The Telegraph
Since 1st March, 1999

Mumbai, Feb. 28: Cement makers put champagne bottles on ice when they realised that gains from the finance minister’s infrastructure drive had fallen short of the money they would have to cough up in extra excise.

Excise duty on cement and clinker has been raised by Rs 50 per tonne, dampening the euphoria generated by increased emphasis on infrastructure. Jaswant Singh announced construction of 48 new roads, totalling 10,000 kilometres, along with Golden Quadrilteral, North-South-East-West corridor besides construction and modernisation of four airports and two sea ports.

Cement circles also reacted positively to Singh’s announcement that 25 per cent of the new roads would be concrete roads. While this is expected also to spur demand, Singh thus satisfied a long standing demand of the sector. Says, Anil Singhvi, whole-time director, Gujarat Ambuja Cements Ltd, “if the same ratio is applied to the other major road works additional 6,250 kms of the total 25,000 kmw would be constructed using cement. At 3000 tonne per kilometre, the cement consumption would be in the range of 18 million tonnes over the next four years''.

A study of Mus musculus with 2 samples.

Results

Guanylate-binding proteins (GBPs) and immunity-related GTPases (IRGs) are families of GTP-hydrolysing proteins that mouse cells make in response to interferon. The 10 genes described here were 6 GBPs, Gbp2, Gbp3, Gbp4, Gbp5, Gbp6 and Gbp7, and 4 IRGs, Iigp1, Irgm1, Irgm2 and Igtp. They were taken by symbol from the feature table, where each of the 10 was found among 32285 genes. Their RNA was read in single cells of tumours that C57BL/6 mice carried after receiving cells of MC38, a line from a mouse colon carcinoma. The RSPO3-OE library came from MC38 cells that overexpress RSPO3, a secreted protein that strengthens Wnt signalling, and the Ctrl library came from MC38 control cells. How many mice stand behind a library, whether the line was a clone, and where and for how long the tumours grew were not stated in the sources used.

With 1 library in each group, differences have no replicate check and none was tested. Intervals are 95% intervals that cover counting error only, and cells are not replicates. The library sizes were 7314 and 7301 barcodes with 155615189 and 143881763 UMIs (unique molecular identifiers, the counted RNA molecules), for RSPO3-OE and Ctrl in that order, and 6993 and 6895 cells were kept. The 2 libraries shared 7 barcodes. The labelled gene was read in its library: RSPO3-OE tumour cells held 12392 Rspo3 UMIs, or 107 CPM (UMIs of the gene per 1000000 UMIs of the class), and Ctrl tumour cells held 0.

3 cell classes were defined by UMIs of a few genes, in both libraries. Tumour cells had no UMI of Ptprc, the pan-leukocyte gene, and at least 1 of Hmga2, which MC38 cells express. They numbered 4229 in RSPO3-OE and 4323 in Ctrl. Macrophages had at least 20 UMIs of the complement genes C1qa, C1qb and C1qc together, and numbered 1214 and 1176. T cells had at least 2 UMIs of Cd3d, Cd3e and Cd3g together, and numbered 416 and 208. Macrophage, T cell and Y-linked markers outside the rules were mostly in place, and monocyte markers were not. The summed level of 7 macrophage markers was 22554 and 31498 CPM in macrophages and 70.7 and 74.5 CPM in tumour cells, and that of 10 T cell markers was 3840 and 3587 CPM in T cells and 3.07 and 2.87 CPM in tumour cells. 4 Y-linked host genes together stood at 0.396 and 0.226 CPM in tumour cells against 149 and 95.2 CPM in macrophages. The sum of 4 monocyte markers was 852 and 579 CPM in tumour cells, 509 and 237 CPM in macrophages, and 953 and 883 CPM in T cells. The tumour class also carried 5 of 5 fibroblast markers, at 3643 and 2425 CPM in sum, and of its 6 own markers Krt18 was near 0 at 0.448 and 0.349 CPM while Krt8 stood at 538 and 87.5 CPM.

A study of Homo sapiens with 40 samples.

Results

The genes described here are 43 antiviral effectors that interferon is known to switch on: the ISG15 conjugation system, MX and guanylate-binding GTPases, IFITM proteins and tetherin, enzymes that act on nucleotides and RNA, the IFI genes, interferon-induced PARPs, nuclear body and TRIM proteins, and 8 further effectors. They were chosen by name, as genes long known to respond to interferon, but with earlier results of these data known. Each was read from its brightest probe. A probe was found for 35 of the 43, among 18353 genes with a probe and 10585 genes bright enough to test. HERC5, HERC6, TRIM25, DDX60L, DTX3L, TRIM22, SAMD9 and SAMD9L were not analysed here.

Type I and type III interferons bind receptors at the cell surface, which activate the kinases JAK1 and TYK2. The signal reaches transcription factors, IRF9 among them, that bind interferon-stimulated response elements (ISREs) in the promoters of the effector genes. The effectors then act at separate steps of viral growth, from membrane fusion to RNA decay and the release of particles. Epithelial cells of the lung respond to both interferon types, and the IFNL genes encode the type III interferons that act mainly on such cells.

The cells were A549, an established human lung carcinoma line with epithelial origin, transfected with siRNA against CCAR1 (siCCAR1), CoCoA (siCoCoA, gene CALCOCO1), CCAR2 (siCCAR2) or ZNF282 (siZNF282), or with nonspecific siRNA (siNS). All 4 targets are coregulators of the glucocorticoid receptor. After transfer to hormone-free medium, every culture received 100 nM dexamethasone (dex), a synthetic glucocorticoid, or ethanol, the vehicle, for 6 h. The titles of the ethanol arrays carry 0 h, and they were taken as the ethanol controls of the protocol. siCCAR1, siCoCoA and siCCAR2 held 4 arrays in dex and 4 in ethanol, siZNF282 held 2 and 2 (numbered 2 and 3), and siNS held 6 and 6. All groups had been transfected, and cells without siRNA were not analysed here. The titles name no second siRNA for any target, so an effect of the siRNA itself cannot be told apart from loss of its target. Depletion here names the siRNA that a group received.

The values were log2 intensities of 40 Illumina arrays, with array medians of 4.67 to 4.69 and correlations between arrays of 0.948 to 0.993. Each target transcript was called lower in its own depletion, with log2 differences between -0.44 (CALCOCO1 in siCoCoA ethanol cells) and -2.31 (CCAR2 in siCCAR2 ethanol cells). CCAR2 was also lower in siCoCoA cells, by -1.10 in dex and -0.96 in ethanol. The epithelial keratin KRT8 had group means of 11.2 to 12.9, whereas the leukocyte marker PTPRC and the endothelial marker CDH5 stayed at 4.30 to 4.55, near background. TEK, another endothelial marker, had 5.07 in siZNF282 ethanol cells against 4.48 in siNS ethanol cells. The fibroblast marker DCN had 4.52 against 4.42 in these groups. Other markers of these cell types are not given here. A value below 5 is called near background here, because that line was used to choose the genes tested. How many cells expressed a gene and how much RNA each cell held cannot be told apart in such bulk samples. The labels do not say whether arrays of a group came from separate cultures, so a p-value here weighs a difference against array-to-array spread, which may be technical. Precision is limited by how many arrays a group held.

However, Singhvi came hard on the finance minister for increasing the excise duty on cement. Jaswant Singh had in his Budget address pointed out that considering that specific rates on cement and clinker have remained unchanged

for a considerably long period of time, these rates are proposed to be raised by Rs 50 per tonne. He added that this will mean a modest increase of Rs 2.50 per 50 kg bag of cement.

“By increasing the excise duty on cement and clinker by Rs 50 per tonne, the government has made it the highest taxed commodity. The specific tax at Rs 400 per tonne on cement works out to 30 per cent ex-works, which is not only the highest rate of duty, but also a highly retrograde step'', Singhvi added.

It is estimated that given last year's cement consumption in the country at 110 million tonnes, an Rs 50 per tonne increase in excise would net the exchequer Rs 550 crore.

“The hike in excise duties was clearly unexpected, and it spoiled the party to an extent'', an analyst with a local brokerage pointed out.

This trend was even evident in the stock markets with most of the cement scrips finishing off their highs. ACC closed 1 per cent higher at Rs 154.05, down from its intra-day high of Rs 157.75, while Gujarat Ambuja Cements, fell by 1.3 per cent to Rs 161.15.

Notwithstanding the disappointment over excise duties, analysts pointed out that the emphasis laid out by finance minister on housing should lead to a growth in demand.

Singh had said that to maintain the present momentum of growth in the housing sector, it is proposed that interest deductible under income tax up to Rs.1,50,000, for construction or purchase of a self-occupied house property, be continued.